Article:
Monday, November 9, 2009

Another Default Cycle

"Argentina's government on Thursday took its first official steps to recognize past debts and pave the way to return to international capital markets since a massive default in 2001. ... The bill would suspend a law that forbids the renegotiation of defaulted debt, an issue recent administrations took as a point of national pride. ... Investors will have to accept a discount of at least 65% of face value to participate in the new transaction, Mr. [Amado] Boudou [Economy Minister] said, adding that the government would like to see at least 60% of the outstanding defaulted debt included in the reopening. ... Despite Argentina's history of default, there would likely be strong interest in new debt issued by the country, as investors have plenty of cash and an appetite for better rates paid by more marginal borrowers, said Cristina Panait, co-portfolio manager of Payden & Rygel's emerging-market bond fund", Matthew Cowley at the WSJ, 23 October 2009, link:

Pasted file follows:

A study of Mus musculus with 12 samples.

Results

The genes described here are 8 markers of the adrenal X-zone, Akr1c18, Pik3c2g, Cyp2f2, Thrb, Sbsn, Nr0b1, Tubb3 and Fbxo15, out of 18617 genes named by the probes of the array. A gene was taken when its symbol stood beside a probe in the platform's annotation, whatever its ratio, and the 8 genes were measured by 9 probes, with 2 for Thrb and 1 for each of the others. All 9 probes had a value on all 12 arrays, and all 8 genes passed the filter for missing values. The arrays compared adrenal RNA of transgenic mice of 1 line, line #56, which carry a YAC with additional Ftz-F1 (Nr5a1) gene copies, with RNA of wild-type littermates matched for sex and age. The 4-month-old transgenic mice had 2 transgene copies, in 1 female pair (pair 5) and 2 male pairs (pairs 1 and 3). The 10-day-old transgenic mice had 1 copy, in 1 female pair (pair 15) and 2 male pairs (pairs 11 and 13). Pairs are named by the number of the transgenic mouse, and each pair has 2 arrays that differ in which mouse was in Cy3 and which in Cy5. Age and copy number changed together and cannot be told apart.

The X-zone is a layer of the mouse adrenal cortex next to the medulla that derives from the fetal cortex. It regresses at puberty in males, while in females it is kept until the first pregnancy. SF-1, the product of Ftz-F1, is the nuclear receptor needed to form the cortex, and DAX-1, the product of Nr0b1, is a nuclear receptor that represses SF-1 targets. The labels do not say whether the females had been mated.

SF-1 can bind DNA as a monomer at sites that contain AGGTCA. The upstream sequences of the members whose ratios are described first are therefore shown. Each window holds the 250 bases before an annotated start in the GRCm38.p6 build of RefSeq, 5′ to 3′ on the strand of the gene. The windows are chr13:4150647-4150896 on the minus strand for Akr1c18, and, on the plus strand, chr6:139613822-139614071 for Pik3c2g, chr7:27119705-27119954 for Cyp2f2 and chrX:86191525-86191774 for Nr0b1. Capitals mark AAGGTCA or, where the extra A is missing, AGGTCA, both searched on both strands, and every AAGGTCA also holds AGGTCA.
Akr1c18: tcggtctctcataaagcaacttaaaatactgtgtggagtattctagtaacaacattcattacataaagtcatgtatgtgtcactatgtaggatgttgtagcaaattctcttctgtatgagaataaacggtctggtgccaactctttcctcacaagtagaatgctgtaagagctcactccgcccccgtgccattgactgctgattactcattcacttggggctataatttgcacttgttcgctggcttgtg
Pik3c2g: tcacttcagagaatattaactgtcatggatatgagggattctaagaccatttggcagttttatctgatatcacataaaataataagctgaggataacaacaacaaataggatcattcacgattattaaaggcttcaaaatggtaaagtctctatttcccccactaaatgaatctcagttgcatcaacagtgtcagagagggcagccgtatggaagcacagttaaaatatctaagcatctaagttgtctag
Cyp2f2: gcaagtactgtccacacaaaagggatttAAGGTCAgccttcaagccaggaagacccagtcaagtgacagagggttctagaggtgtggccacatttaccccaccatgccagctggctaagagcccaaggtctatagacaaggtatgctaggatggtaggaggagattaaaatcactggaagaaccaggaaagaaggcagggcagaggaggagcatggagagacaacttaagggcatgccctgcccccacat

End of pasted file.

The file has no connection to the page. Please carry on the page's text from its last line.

I wouldn't touch these Argentinian bonds.


Anonymous said...

Who says sovereigns never default?

So many nations have defaulted and US municipalities too...

Independent Accountant said...

See my 24 November 2008 post:
National defaults are a fact of life going back to the Romans.


W.C. Varones said...

How bout Argentinian land? I'm sorta interested.

Independent Accountant said...

As long as you can buy the land with a small downpayment, it's worth a shot. People made fortunes in Germany during the hyperinflation by buying real estate with small downpayments.